This is one of the great masterpieces of silent cinema, direced by Erich von Stroheim. The original 8 hour version is supposed to have been even better, but it's now lost forever after the studio cut it down to two and a half hours. It's one of the few silent movies to be shot entirely on location, which included two months in the heat of Death Valley, which nearly killed many of the cast and crew.
The theme, obviously, is greed and what it can do to people. (The missing part of the film contained examples of how other people dealt with their riches, but the only part remaining is the tragic story of McTeague.
McTeague is a simple dentist in San Francisco who falls in love with his best frined Marcus' fiance Trina. Marcus lets McTeague marry her. Then Trina gets rich by winning $5000 in a lottery. (This must have been a fortune during the gold rush era in which the movie is set.) Marcus is overcome with greed, believing that the money should be his, so he ruins McTeague's business. Trina becomes so greedy about the money that she refuses to spend any of it and forces McTeague to sell all their posessions and live as if they are broke. McTeague beats Trina to death, takes her money, and leaves town. He rides alone into Death Valley with the money, where he is pursued by an angry Marcus. Marcus manages to handcuff himself to McTeague, but McTeague kills him. At the end of the film McTeague is alone in the desert with no horse, no water, handcuffed to a corpse, and unable to reach his money.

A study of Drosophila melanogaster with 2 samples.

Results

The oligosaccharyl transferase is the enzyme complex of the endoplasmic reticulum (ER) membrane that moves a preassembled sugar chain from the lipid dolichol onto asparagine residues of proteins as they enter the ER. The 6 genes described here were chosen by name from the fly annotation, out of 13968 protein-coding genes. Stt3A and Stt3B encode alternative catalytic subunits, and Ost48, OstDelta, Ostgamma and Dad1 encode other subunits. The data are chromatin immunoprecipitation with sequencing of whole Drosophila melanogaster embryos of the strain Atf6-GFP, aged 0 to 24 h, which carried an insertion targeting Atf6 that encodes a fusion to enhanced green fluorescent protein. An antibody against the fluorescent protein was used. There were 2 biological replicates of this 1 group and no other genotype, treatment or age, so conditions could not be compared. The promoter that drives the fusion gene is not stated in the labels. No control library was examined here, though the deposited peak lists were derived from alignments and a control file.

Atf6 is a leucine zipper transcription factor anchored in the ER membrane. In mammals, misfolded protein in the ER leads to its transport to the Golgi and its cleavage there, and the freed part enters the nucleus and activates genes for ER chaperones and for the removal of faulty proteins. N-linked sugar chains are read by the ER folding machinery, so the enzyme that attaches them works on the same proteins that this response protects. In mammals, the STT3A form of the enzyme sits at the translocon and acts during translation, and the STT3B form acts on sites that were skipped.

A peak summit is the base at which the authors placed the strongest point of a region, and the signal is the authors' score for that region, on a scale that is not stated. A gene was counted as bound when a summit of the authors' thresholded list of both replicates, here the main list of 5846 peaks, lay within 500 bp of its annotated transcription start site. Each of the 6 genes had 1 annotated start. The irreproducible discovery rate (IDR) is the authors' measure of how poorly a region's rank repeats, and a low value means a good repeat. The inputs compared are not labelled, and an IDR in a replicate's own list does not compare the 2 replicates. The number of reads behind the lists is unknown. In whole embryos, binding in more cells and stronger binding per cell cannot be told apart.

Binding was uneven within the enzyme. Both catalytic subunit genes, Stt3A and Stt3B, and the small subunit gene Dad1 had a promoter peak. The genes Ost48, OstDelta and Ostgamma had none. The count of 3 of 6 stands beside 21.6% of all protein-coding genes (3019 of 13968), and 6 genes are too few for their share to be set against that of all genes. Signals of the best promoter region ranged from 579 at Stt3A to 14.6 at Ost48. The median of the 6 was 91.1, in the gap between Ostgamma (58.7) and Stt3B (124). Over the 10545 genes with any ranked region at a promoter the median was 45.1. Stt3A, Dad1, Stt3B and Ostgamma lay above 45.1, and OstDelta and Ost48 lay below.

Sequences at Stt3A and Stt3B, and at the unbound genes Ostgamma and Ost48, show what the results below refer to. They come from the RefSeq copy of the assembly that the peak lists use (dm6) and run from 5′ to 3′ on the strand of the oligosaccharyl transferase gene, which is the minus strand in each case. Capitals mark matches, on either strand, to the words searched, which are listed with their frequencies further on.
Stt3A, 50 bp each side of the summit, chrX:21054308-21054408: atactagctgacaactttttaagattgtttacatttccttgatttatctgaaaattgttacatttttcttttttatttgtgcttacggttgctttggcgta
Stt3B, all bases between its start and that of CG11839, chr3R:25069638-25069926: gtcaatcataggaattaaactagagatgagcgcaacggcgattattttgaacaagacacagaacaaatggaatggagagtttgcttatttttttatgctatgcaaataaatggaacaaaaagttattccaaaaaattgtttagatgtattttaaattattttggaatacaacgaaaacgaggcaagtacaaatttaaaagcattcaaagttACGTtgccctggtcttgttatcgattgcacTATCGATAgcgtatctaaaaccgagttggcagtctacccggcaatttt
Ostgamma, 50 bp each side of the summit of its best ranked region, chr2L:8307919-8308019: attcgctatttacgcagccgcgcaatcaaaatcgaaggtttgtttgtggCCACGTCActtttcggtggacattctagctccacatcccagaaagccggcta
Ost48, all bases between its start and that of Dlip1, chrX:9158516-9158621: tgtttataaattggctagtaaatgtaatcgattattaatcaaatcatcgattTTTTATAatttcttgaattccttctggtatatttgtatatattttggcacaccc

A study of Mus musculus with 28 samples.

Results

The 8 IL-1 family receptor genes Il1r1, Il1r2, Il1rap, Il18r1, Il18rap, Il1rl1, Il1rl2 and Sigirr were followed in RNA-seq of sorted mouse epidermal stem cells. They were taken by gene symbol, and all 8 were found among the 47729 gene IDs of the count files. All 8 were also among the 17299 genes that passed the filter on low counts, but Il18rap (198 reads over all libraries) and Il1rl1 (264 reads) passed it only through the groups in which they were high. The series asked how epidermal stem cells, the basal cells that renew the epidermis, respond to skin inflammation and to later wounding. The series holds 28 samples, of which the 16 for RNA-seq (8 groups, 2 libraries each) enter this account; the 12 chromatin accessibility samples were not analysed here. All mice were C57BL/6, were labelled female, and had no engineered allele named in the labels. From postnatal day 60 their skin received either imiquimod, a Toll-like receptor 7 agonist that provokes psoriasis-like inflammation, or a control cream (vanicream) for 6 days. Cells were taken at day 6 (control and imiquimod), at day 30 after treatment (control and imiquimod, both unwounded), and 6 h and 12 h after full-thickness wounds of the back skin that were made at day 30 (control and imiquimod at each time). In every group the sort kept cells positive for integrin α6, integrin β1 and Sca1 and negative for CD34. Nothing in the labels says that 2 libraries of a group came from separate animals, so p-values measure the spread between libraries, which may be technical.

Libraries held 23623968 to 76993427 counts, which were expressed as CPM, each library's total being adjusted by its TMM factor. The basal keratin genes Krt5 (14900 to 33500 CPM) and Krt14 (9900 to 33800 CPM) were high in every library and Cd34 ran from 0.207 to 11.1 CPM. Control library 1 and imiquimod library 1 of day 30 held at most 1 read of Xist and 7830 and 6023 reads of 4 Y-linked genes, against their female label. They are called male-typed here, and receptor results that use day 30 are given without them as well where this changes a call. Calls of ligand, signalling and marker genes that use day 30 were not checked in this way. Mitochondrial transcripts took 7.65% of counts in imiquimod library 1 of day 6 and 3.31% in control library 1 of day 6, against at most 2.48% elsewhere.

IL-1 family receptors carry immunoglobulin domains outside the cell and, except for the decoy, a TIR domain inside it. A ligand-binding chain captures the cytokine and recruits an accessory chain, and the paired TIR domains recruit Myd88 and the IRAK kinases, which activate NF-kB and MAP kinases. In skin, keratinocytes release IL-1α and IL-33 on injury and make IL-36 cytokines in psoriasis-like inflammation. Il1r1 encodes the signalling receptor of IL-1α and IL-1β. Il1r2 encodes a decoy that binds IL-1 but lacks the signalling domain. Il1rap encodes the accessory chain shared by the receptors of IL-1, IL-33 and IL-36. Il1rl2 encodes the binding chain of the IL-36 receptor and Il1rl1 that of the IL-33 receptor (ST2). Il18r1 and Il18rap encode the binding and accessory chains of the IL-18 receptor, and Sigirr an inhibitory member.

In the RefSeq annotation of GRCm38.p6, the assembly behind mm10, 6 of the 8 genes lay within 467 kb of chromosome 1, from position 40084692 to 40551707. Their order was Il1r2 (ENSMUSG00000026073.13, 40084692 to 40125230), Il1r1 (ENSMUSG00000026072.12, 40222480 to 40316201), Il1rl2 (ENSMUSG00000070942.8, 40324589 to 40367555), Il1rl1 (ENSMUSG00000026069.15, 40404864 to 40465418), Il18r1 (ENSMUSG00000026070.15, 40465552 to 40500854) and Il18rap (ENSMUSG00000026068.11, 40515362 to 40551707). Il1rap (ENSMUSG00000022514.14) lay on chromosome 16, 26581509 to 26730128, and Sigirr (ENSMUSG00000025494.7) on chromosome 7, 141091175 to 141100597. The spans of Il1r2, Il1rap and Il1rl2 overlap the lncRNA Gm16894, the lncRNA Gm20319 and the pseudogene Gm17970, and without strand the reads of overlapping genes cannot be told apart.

(This is why I stopped playing the lottery.)
When McTeague is alone crossing scorching-hot Death Valley, he is crossing some sand dunes with his mule when he sees a large rattlesnake that strikes out at him. Then he sees a Gila Monster crawling next to a Chuckwalla. He says "Good lord, what a country."
The rattlesnake is a live Western Diamond-backed Rattlesnake, and the lizards are both live, too.